Young and In…RA?

Rheumatoid Arthritis presents a unique set of challenges that most people cannot fathom. This autoimmune condition causes odd swelling, pain beyond reason and asymmetrical disability; not to mention, heightened risk of other illnesses.

However, being young with RA/RD presents an even more interesting dilemma: dealing with a chronic condition that ages your body while your mind stays fresh. Kids have such a beautiful outlook on life. They only know what is right in front of them. Young adults also deal with a similar situation. They are about to embark on a new journey that is completely different from anything they know.

I really looked forward to my time after college because of my newfound freedom. I was going to move out on my own, get a full time job and just live a fun carefree life. Except, I didn’t. Instead, I lost my independence, I lost my mobility, and, at the time, my options.

I was looking forward to my life.

As a 20-something, I looked forward to graduate school which I deferred. I looked forward to making my own money full-time, which I couldn’t manage. I looked forward to my independence, which was no longer an option because there were a lot of days I needed help. I looked forward to meeting new people, maybe even dating but definitely didn’t have the energy.  I wanted to rock-climb all the time, well, do I need to even say it?

I no longer looked forward to how my life would evolve and suddenly I felt years older. I no longer looked forward to my future. It was upon me and I didn’t like what I saw. At the time of diagnosis I had very little knowledge of RA. I knew it wasn’t OA but felt just as disabled. Wasn’t this supposed to be me at 80 years old; not 20? What was my life going to be like if at this young age I couldn’t pick up my 10 pound dog, continue school or even keep up with full time work? How was I going to have a family and take care of a child? I now know that I can still do whatever I want but at the time I felt deflated and defeated; two emotions I rarely experienced and so early in life.

I’m in my 20s but I can’t act like it.

Most weekends I stare out the window and wish I could go for that hike with my dog or go to that party with my friends. I can’t. I’m in my 20s but I can’t act like it. I can’t drink like my peers or experience what it’s like to accidentally drink too much. I can’t experience the hangover. I can’t experience sleeping in on the weekends because I stayed out too late. I can’t be a night owl. I can’t go to work functions. I can’t go on backpacking trips or long plane rides. I can’t even go out! I can’t move every two years and meet lots of new people. I can’t date. I can’t even stay awake! I can’t go to movies because I can’t sit for very long. I can’t protest anything! I can’t make stupid mistakes or be obnoxiously pretentious. I can’t pretend to have everything figured out. I can’t…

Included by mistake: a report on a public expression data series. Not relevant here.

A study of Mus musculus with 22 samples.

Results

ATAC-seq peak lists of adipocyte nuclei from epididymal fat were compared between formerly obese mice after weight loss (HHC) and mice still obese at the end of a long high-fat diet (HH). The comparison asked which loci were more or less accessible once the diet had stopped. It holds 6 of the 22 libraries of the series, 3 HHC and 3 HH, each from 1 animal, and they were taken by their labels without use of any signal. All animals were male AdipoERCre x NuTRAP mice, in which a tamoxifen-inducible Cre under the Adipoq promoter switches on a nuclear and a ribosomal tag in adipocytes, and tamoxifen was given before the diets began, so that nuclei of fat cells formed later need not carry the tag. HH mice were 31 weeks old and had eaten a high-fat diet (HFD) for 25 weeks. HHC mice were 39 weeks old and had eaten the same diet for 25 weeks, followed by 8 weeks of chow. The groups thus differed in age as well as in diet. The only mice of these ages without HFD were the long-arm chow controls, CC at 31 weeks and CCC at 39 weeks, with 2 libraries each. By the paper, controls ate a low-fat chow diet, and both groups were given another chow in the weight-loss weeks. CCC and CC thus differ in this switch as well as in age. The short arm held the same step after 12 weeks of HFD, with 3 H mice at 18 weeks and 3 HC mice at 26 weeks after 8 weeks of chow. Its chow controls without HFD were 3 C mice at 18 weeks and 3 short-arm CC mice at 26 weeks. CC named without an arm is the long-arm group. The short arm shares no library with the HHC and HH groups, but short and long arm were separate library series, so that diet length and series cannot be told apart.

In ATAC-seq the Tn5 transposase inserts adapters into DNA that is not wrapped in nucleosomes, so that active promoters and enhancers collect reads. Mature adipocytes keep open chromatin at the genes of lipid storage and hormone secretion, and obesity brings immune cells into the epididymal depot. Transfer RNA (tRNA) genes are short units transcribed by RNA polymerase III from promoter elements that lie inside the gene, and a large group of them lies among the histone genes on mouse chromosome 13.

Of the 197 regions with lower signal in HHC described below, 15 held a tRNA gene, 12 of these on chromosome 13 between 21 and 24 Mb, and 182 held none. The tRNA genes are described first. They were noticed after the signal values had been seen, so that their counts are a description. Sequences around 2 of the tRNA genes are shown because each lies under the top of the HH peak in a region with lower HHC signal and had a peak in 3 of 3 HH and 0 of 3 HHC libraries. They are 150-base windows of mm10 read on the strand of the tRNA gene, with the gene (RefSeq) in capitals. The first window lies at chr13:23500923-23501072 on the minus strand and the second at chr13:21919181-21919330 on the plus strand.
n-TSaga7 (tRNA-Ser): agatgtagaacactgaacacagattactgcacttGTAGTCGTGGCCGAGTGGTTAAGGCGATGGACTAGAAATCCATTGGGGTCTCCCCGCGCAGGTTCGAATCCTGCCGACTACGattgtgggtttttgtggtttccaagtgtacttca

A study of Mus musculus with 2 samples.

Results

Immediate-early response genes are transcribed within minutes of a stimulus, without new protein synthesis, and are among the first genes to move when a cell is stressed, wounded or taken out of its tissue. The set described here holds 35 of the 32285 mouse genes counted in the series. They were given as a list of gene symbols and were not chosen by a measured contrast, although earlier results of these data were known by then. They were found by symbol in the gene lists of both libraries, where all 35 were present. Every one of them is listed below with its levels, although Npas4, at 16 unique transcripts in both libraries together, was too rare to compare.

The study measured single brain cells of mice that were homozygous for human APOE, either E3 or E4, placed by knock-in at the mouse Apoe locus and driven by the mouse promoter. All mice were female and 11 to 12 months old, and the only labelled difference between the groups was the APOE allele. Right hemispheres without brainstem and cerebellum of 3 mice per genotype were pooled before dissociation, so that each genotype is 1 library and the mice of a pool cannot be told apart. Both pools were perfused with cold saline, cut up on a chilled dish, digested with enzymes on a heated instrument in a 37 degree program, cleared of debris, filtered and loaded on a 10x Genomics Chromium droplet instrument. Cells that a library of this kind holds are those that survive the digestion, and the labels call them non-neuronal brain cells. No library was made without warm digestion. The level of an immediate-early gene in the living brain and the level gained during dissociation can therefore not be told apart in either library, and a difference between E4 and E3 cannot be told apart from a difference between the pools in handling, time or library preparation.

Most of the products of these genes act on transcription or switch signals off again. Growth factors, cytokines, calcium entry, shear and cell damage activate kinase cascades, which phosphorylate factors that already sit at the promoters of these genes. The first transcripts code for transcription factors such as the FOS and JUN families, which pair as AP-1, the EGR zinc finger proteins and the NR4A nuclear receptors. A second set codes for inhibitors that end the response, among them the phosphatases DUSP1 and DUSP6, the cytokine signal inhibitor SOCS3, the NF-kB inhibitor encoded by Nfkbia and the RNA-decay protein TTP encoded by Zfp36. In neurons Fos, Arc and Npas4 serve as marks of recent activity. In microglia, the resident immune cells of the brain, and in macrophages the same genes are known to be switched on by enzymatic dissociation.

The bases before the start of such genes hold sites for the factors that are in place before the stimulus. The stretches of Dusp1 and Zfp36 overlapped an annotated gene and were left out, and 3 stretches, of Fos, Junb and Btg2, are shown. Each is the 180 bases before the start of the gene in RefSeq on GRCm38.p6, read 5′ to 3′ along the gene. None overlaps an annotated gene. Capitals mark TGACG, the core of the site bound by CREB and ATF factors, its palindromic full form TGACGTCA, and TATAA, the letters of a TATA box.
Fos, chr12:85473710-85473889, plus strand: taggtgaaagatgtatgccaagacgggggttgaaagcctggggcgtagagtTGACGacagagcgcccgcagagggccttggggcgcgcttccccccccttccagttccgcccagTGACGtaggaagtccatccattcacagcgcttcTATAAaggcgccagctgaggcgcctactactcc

I am kind of drawing a blank right now because I don’t actually know what young adults do in their spare time. I have a very skewed idea since I can’t do very much aside from work and sleep. But, I figure being young is the definition of freedom and learning. I often feel like I’m stuck in a rut because I’m chained to my illness. Yes, I do my best to live my life as best I can but RA can be very restrictive and the complete opposite of a young adult. How do I act my age when my body isn’t complying?

Let me know if you are/were young and with RA. I’d love to know how you managed!

This article represents the opinions, thoughts, and experiences of the author; none of this content has been paid for by any advertiser. The RheumatoidArthritis.net team does not recommend or endorse any products or treatments discussed herein. Learn more about how we maintain editorial integrity here.